With a couple of large tropical cyclones, Iselle and Julio, swirling menacingly toward the Hawaiian Islands, it’s important for visitors in particular to know a few things about severe weather in Hawaii. Iselle is now a hurricane, and Tropical Storm Julio looks poised to develop into Hurricane Julio.
Most importantly, it is vital to know your hotel’s evacuation plan as well as the flood inundation zone in Waikiki. Waikiki Elementary School is where the Red Cross shelter will open, should it be necessary (and it looks like it will). There are more than 100 shelters on Oahu. Shelters do not provide food, water, or flashlights, so it’s a good idea to get those items before the severe weather arrives. Which brings us to the next thing. (Here is a list of evacuation shelters throughout the islands: [broken link removed])
People in Hawaii tend to take preparing for a hurricane very seriously. Lines at the supermarket will be long, crowds on edge, and many items will be out of stock. These items generally include bottled water, toilet paper, rice, SPAM, and other nonperishables. If there’s any upshot to an approaching hurricane, it’s that they move slowly, giving us a lot of time to prepare. So, if you do encounter a long wait at a grocery, well, just wait it out. When the weather comes ashore, it’s too late to go out for the baby’s formula, or for Junior’s midday snack.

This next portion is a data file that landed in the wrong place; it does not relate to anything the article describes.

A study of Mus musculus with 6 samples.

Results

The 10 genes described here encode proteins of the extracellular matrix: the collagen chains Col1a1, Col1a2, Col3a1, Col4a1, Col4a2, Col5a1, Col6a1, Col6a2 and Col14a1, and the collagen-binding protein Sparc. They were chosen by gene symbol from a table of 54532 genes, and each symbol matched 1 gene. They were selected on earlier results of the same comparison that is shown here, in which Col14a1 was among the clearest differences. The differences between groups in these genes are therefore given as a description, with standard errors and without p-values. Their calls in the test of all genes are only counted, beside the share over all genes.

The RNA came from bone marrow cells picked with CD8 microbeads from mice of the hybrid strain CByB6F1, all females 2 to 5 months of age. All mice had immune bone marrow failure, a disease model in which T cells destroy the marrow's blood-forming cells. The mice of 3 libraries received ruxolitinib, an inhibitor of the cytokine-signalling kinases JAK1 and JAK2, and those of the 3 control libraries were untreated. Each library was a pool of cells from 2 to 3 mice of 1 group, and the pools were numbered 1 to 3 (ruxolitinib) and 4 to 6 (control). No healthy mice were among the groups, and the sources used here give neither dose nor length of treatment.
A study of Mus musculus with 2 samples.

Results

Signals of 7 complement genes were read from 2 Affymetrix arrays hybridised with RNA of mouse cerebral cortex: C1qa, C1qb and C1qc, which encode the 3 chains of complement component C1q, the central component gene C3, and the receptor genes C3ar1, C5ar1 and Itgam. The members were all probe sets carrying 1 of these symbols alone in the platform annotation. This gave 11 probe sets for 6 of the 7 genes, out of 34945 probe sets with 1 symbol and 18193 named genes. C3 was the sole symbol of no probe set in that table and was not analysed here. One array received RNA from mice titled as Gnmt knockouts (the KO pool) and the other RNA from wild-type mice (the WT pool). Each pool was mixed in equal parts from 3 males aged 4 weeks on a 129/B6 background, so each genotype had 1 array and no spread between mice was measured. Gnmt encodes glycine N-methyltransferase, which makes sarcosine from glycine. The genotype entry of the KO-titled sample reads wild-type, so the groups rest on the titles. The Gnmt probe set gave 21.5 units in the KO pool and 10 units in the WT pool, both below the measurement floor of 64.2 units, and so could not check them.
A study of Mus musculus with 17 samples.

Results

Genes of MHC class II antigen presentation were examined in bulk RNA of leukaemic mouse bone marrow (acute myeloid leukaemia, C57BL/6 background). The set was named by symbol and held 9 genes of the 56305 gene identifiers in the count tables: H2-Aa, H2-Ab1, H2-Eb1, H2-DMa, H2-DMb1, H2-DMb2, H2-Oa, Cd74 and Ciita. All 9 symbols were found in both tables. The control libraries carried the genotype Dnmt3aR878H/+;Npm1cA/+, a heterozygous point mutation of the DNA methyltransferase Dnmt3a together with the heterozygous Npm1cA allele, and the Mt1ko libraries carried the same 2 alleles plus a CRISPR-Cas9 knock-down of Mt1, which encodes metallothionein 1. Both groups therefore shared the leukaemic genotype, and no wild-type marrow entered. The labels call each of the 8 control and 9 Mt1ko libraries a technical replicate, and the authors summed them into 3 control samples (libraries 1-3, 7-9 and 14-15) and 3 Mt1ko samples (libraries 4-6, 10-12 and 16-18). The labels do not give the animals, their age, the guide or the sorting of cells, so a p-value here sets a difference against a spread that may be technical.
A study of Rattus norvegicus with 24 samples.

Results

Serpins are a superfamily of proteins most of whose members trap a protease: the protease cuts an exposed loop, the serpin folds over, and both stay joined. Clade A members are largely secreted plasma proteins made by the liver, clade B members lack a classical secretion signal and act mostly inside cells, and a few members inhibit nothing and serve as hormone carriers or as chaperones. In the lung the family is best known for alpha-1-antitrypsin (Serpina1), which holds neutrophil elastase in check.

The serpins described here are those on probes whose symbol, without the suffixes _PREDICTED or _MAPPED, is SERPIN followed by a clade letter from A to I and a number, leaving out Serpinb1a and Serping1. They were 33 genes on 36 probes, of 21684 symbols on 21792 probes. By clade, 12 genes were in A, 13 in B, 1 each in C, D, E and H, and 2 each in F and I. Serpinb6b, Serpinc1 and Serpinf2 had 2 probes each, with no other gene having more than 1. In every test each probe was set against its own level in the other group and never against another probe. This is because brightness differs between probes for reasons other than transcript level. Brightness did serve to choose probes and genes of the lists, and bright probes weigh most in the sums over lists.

It’s been 22 years since a devastating hurricane came ashore in Hawaii. Hurricane Iniki destroyed large swaths of the island of Kauai and West Oahu in 1992. It took months to restore power and water to some of the harder hit areas. Since then, it’s not uncommon for people to express skepticism about the seriousness of hurricane advisories. This is because we’ve been lulled into a false sense of security over two decades of hurricane-free life. But conventional wisdom says “it’s not if, it’s when.” Iselle and Julio could very well be “when.” Keep in mind that it’s also not uncommon for residents to say “After 22 years? We’re due.” Recent false alarms notwithstanding, it does indeed look like we’re due.
In addition to high surf and high winds, the heavy rains a hurricane brings make for extremely dangerous flooding risk. Babbling brooks can become deadly, raging torrents in seconds, so stay away from any streams. Tragedy can happen in the blink of an eye. Once the ground becomes saturated, falling rain has nowhere to go. So it goes wherever gravity takes it. This is too often onto the streets and into homes and businesses.
Going anywhere near the ocean during severe weather like a hurricane or tropical storm is foolhardy and quite possibly fatal. We hold this truth to be self-evident.
High winds make being out in a hurricane extremely dangerous. Debris flying at over 100 is, simply, deadly. Just stay indoors.
The amount of rains associated with Hurricane Iselle and Tropical Storm Julio virtually assures flooding in some areas around the state already prone to it. Don’t get caught in it.
A good resource to track Hurricane Iselle and Tropical Storm Julio is the State Civil Defense website: http://www.scd.hawaii.gov
Whether either Iselle or Julio make significant landfall remains to be seen. Even if severe weather puts a damper on your Hawaii vacation, you will be sure to experience the Aloha Spirit, as people pull together as an ohana (family) to weather the storm. Be safe!